Some of rock'n'roll's biggest names have teamed up to sue the owner of a Web site that specializes in streaming rare concert recordings. Wolfgang's Vault offers thousands of recordings of rare audio a
Some of rock'n'roll's biggest names have teamed up to sue the owner of a Web site that specializes in streaming rare concert recordings. Wolfgang's Vault offers thousands of recordings of rare audio and video performances collected over 30 years by legendary concert promoter Bill Graham, who died in 1991.
Yesterday (Dec. 18), major rock names, including Grateful Dead Productions, Carlos Santana and members of Led Zeppelin and the Doors, sued the current owner, claiming it was illegally offering recordings to stimulate sales of other products. Wolfgang's Vault representatives were not immediately available for comment.
The site also sells T-shirts, pictures and memorabilia such as vintage concert posters and tickets. It derives its name from Graham's given name, Wolfgang Grajonca.
The recordings were made at concert performances by a wide array of artists, from Bob Marley to Bob Dylan. The site's collection has been described by some industry watchers as one of the most important groupings of rock memorabilia and recordings ever assembled in one business.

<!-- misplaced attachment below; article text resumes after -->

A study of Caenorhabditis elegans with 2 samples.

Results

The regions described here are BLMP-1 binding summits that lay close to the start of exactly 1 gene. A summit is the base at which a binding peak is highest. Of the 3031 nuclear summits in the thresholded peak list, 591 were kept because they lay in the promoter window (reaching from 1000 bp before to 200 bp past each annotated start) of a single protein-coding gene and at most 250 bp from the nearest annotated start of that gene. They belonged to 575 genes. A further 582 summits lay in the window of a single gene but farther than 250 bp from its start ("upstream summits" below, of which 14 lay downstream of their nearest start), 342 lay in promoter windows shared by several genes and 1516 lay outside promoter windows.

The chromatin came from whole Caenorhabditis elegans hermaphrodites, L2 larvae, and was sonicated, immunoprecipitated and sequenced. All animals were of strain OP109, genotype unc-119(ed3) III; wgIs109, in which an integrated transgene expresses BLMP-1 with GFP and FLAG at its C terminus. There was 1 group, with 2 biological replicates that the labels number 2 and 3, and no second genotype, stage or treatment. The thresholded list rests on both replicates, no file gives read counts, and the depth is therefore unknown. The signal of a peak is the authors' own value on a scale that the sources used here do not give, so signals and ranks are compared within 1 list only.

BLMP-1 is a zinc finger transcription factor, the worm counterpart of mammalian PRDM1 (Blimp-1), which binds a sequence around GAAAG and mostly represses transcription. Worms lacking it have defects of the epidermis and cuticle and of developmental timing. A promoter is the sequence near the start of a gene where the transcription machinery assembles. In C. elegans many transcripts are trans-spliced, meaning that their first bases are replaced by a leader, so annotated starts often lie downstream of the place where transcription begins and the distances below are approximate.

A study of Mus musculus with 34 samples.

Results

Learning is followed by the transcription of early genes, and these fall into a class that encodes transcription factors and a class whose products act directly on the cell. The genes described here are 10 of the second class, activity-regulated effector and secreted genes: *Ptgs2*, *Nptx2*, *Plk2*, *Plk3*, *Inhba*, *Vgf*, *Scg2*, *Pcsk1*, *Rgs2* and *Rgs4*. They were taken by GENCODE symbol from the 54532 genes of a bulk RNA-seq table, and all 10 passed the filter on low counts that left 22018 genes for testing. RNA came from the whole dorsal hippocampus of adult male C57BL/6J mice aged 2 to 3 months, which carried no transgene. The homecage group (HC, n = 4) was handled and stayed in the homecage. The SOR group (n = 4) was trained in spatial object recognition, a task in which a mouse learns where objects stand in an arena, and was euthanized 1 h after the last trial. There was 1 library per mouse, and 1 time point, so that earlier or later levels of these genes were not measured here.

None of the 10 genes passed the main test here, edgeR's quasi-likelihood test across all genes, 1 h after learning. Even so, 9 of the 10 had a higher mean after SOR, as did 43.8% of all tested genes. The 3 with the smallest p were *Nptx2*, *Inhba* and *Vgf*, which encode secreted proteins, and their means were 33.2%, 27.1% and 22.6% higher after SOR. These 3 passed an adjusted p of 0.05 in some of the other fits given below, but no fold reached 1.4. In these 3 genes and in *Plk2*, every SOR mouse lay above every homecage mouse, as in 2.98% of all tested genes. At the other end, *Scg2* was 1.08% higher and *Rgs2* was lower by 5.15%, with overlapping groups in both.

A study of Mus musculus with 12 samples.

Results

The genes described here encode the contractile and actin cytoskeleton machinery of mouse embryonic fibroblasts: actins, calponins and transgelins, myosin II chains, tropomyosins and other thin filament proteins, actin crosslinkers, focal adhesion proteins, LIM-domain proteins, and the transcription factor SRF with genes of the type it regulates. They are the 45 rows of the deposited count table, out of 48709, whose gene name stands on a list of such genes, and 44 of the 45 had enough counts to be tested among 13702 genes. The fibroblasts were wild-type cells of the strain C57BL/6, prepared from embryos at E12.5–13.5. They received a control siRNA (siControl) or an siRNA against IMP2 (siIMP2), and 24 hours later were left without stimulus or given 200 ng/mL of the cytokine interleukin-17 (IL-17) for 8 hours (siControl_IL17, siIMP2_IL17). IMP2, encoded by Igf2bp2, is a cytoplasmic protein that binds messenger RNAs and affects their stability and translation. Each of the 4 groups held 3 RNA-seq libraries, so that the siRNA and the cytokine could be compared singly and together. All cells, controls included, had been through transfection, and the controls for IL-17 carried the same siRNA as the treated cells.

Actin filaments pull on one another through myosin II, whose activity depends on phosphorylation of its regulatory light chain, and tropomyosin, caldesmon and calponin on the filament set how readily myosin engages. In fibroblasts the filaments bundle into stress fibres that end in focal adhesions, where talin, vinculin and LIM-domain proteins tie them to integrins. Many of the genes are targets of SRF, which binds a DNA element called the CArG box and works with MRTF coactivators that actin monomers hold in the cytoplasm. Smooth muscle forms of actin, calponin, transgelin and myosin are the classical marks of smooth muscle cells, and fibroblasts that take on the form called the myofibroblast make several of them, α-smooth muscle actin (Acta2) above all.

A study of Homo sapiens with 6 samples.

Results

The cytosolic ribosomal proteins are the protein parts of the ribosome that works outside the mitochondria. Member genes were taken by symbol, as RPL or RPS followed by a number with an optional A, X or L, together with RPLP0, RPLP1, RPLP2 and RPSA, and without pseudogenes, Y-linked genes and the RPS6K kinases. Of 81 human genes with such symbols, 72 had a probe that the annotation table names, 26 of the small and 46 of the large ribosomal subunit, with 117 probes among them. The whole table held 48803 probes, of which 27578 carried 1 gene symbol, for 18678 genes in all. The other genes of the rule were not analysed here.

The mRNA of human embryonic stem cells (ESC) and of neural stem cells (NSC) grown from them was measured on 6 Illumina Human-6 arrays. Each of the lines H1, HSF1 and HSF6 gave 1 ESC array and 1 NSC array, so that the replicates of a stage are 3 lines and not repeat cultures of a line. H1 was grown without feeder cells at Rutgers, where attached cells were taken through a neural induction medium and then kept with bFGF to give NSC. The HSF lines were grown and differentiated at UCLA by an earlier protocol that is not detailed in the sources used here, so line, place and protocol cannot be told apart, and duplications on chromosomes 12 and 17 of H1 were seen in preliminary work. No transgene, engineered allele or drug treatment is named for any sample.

The suit was filed at the U.S. District Court in the Northern District of California against William Sagan, who bought the assets of Graham for $5 million from Clear Channel Entertainment more than three years ago.
"Sagan simply doesn't have the legal rights to exploit and profit from the extraordinary success of these musicians," Jeff Reeves, who represents the artists, said in a statement.
"We have never given permission for our images and material to be used in this way," Grateful Dead member Bob Weir added. "What Sagan is doing is stealing. He is stealing what is most important to us - our work, our images and our music - and is profiting from the good will of our fans."